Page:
Vincent Sheridan Artist Biography
Vincent Sheridan (b. 1945 -) is an award-winning printmaker born in Dublin, Ireland. He has studied at the Dublin Institute of Technology and the National College of Art and Design, Dublin.
From 1989 to 1998, Vincent Sheridan lived and worked as an artist in Toronto and Vancouver. Sheridan has spent a considerable amount of time traveling the Canadian Arctic. In 1991, he maintained an artist residency at the West Baffin Eskimo Co-operative in Cape Dorset, Nunavut. In 2000, he held another artist residency at the St. Michael's Print Shop in St. John's, Newfoundland.
Vincent Sheridan's work is often concerned with the social behaviour of animals, especially birds, which figure prominently in his work. He has also completed a study of the ill-fated Canadian expedition in search of the North West Passage by Sir John Franklin in 1845. In this series, he aims to re-enact the tragic event of the failed Franklin expedition (1845-1859). Vincent Sheridan traveled to the site at Dealy Island, Nunavut in 1989. He encountered a number of Franklin-era artifacts including old ship masts, graves, cairns, rusting food cans, and most morbidly, skulls. These skulls are a reoccuring motif in his intaglio prints, which serve as memento mori.
Vincent Sheridan currently lives in Dublin, where he serves as the Director of the Board at Black Church Print Studio. He is also currently working on a study of the many Megalithic structures found in Ireland. His prints have been exhibited in Canada, Ireland, Peru, Japan and elsewhere abroad.
Odjig, Canadian Indigenous Artist and Icon Dies at 97.
been the recipient of many awards, honours and recognitions for her works, to name a few: The Order
of Canada, the Governor General's Award, and eight Honorary Doctorates. Her works have been shown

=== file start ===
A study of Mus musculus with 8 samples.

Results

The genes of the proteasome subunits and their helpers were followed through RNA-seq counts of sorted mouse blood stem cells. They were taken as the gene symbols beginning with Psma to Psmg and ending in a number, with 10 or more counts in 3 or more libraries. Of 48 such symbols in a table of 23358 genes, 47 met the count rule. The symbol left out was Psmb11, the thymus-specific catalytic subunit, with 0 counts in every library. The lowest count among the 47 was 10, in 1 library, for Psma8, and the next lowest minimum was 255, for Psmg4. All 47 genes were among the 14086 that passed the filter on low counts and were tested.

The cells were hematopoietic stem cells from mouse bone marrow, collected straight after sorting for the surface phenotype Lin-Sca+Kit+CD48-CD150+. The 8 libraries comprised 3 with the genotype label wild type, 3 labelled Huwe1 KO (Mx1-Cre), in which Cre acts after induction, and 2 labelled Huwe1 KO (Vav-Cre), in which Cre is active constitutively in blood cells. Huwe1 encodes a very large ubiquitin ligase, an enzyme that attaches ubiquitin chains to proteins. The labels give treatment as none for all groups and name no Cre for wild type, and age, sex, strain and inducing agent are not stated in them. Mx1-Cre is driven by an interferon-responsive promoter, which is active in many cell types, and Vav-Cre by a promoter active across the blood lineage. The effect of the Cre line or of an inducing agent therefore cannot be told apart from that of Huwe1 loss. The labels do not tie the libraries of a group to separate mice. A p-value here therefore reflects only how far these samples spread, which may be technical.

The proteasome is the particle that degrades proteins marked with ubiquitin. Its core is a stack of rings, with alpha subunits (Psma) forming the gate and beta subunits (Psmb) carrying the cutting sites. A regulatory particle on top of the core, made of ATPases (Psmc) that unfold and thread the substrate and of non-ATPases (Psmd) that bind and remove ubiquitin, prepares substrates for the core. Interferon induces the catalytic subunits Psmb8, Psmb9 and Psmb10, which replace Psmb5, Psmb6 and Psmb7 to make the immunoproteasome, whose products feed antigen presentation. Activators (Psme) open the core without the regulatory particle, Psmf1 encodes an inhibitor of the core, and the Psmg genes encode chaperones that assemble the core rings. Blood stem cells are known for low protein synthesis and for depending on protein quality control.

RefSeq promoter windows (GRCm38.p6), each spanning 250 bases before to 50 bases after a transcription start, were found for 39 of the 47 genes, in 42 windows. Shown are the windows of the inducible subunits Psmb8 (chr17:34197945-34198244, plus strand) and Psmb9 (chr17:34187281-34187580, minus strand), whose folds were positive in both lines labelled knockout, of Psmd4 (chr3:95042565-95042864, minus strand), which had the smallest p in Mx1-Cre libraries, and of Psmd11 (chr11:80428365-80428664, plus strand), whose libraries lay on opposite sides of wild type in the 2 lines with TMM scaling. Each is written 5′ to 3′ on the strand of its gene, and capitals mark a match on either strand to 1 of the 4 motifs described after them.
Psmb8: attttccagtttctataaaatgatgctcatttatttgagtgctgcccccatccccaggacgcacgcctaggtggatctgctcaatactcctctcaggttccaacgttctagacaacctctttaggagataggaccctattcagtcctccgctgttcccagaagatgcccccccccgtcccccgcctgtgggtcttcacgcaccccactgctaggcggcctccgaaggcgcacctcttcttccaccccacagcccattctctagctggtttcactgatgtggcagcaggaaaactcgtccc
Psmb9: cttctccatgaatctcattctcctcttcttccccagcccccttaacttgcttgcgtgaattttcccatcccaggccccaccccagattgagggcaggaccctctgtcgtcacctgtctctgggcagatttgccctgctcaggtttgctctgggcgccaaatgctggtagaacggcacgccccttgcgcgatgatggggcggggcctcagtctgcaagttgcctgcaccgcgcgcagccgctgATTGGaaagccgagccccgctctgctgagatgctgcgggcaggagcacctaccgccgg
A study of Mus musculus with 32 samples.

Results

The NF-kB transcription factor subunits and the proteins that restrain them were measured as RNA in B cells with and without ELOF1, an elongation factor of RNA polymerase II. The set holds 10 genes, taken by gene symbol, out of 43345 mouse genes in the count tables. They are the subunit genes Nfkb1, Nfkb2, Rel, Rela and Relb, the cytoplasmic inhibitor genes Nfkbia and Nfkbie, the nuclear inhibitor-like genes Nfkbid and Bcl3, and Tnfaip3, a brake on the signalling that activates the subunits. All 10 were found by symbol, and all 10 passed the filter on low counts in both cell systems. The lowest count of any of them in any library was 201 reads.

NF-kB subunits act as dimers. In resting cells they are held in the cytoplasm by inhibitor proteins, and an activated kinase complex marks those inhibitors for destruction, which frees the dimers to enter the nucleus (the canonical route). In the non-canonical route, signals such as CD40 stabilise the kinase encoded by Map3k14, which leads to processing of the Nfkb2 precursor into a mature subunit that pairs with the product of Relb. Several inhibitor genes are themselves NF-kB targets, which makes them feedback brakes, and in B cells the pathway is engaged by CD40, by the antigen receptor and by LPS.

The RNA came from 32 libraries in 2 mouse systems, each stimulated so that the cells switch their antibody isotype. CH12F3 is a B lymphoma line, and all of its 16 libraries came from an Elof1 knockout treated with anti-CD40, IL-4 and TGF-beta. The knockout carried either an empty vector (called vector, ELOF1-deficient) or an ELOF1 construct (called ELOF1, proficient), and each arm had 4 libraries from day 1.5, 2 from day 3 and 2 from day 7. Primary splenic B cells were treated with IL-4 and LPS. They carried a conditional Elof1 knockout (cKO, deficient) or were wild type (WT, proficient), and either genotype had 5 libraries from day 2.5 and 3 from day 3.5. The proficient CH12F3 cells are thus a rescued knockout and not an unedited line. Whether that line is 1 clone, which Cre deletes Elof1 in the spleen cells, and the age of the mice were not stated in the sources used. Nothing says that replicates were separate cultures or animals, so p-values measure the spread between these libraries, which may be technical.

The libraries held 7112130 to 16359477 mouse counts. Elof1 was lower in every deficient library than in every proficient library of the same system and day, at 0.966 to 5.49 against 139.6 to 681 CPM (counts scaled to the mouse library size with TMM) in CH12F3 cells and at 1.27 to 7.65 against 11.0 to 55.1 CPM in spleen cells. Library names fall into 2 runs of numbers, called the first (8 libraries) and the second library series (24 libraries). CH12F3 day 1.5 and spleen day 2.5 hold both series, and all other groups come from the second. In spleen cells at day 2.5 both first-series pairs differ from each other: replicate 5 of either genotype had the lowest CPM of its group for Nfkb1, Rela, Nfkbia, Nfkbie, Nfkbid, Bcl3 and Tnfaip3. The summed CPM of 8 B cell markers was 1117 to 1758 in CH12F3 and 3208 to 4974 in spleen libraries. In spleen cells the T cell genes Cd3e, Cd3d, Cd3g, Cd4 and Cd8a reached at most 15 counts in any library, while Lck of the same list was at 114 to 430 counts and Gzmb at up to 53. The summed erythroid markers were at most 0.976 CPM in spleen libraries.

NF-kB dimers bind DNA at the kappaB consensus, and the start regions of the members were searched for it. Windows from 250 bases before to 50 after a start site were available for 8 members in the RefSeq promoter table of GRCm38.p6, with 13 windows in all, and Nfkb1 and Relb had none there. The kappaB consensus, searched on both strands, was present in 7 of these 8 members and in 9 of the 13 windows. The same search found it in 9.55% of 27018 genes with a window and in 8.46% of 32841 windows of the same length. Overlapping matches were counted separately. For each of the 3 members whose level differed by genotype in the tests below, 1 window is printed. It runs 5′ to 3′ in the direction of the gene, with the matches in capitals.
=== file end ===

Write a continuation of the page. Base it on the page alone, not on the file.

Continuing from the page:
in the National Gallery of Canada, The McMichael Canadian Art Collection, the Canadian Museum of
Civilization and the Art Gallery of Ontario.
She established the first native-run fine art print house in Winnipeg, Manitoba in
1971. Known as 'Odjig Indian Prints,' this print house was so successful that it evolved into an
Indigenous gallery space in 1974, called the New Warehouse Gallery, run by Odjig and her husband,
Chester Beavon. She was also a founding member of the Indian Group of Seven. This artistic group's
purpose was to promote Contemporary Indigenous art and artists.
Janvier's major retrospective, "Alex Janvier: Modern Indigenous Master" is now open at the McMichael Canadian Art Collection in Kleinburg, Ontario until January 21st, 2018. Afterwards, it will travel to the Beaverbrook Art Gallery in Fredericton and the Glenbow Museum in Calgary.
This exhibition was recently on display at the National Gallery of Canada in Ottawa and the MacKenzie Art Gallery in Regina. Alex Janvier is one of Canada's most acclaimed contemporary artists. His
career of sixty-five years has yielded thousands of paintings, and more than twenty-five murals and
public commissions. (Photo credit: Kim Griffiths)
congratulates renowned Canadian and International abstract painter, Rita Letendre, on her first
major museum retrospective exhibition outside of Québec. Rita Letendre: Fire and
Light is now open until September 17, 2017 at the Art Gallery of Ontario.
which covers Letendre's career from the 1960's to 2000's, is co-curated by Wanda Nanibush and
Georgiana Uhlyarik. The retrospective features nearly forty large-scale paintings drawn from major
national public and private collections.
Letendre was widely exhibited with the artistic groups,
Les Automatistes and Les Plasticiens. She has received the Governor General's Award in
Visual Arts, the Prix Paul-Émile Borduas, and the Orders of Canada, Ontario and
Québec. Click here for more details.